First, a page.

SunShare, one of the first and fastest growing Community Solar companies in the United States, has announced that its Colorado portfolio is fully sold out. The Community Solar portfolio represents 8.2 Megawatts (MWac) across five counties along Colorado’s Front Range. The five ground-mounted solar garden sites comprise the largest recorded Community Solar portfolio in the nation.
Notable customers of SunShare’s latest solar gardens include regional leaders in Colorado such as the City of Denver, the City of Westminster, University of Colorado Colorado Springs, and the historic city of Manitou Springs – the first city in the nation to offset all of its electricity with energy from a community solar garden. Additionally, over 650 residential, governmental, commercial, and low-income clients have also signed up to participate.
“Participating in SunShare’s Community Solar Gardens enables us to save money by locking in electricity rates for the next 20 years while also promoting clean, renewable energy and supporting small local businesses like SunShare,” said Mayor Michael Hancock. “As far as Denver is concerned, this is a win-win situation.”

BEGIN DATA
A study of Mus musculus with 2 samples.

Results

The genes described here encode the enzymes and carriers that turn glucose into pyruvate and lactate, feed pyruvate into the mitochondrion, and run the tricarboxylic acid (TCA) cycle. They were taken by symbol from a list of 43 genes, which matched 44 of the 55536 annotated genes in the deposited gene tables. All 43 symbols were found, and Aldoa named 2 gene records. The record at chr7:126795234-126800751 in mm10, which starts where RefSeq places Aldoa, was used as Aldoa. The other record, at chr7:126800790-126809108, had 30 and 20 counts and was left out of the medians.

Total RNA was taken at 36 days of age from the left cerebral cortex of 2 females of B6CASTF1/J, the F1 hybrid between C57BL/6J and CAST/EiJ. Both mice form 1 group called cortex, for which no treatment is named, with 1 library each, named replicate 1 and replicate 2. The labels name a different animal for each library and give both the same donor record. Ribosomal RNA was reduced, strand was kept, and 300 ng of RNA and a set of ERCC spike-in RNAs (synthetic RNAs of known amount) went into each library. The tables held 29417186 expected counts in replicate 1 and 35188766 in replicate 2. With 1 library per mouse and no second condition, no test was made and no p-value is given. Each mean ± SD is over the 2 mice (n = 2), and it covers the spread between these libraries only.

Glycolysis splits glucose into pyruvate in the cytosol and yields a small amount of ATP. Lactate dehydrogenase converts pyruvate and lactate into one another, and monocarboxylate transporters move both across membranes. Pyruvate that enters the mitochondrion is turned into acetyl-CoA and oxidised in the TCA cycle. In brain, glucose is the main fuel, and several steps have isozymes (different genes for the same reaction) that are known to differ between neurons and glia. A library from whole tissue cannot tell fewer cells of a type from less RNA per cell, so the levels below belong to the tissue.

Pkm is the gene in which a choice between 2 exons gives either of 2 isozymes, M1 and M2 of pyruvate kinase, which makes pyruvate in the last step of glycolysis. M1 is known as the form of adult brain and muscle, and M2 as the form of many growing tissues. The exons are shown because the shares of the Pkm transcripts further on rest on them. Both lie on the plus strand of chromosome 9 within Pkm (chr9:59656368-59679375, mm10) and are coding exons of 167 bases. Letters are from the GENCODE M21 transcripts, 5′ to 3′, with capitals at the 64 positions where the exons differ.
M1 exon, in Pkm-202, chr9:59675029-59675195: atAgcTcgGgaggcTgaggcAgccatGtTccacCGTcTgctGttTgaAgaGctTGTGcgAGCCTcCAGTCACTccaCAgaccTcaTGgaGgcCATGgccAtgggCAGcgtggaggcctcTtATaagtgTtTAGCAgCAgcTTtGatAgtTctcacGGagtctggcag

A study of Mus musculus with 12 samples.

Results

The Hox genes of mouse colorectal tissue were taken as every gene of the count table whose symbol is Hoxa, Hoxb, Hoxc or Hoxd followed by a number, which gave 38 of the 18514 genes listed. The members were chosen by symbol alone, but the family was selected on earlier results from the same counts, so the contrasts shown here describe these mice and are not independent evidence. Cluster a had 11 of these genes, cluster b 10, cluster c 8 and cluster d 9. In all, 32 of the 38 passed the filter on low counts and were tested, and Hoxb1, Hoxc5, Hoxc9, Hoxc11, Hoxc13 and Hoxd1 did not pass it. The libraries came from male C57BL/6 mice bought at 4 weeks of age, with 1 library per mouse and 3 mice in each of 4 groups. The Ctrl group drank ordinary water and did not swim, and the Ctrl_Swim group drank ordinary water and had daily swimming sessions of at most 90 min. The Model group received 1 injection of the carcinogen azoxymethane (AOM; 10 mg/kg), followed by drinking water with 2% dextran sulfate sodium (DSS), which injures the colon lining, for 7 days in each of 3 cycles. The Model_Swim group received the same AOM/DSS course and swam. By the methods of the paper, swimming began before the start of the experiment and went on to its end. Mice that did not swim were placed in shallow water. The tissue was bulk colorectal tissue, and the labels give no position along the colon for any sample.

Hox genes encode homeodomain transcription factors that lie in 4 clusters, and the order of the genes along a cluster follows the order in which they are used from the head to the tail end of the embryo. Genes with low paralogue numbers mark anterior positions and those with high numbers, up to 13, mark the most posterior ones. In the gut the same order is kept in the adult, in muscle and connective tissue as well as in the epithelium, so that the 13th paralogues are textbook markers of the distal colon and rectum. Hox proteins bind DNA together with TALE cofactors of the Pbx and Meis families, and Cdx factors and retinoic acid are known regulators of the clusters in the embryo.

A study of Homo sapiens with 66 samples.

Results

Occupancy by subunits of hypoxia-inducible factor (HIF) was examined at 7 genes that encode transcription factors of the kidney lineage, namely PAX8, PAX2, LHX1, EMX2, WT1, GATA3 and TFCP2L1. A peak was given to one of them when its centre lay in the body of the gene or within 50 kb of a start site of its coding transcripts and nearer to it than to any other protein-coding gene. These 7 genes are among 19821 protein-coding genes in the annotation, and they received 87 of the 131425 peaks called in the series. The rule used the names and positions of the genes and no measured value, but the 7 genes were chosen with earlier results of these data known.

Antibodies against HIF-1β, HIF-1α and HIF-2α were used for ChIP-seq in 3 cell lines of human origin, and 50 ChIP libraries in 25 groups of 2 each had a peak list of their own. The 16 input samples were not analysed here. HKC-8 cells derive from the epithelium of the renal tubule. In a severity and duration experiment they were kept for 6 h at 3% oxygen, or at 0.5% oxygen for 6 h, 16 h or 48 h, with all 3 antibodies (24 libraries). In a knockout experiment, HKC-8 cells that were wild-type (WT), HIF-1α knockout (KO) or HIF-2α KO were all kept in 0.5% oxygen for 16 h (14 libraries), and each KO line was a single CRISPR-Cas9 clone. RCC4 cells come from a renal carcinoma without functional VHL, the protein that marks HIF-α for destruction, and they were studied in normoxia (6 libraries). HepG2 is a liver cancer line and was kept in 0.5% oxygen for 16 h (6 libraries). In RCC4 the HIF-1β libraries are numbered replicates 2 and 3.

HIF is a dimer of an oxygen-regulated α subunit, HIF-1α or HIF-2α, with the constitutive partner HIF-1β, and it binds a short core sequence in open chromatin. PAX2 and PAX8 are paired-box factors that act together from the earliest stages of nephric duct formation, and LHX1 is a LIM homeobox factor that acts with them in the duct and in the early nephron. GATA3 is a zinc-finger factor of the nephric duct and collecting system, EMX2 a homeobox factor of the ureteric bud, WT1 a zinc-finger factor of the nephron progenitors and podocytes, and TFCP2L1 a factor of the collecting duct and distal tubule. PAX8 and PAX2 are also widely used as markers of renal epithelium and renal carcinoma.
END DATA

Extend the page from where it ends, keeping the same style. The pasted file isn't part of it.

Customers in all solar gardens will start seeing credits as early as next month.
“Our goal is to respond to increasing consumer demand for choice and flexibility in how we think about and use energy,” said David Amster-Olszewski, CEO and Founder of SunShare. “Now, leadership from hundreds of customers choosing Community Solar is driving adoption of renewable energy in communities across the nation.”
At full capacity, the combined 8.2 megawatt (MWac) Community Solar portfolio is expected to generate approximately 350 million kilowatt hours (kWh) of energy over 20 years, which is enough to power 1,600 typical U.S. homes and avoid more than 240,000 tons of carbon dioxide and is equivalent to removing more than 50,000 vehicles from the road. The Community Solar gardens are serving Colorado Springs Utilities and Xcel Energy customers.
ST Staff Writers
This post was prepared by Solar Thermal Magazine staff.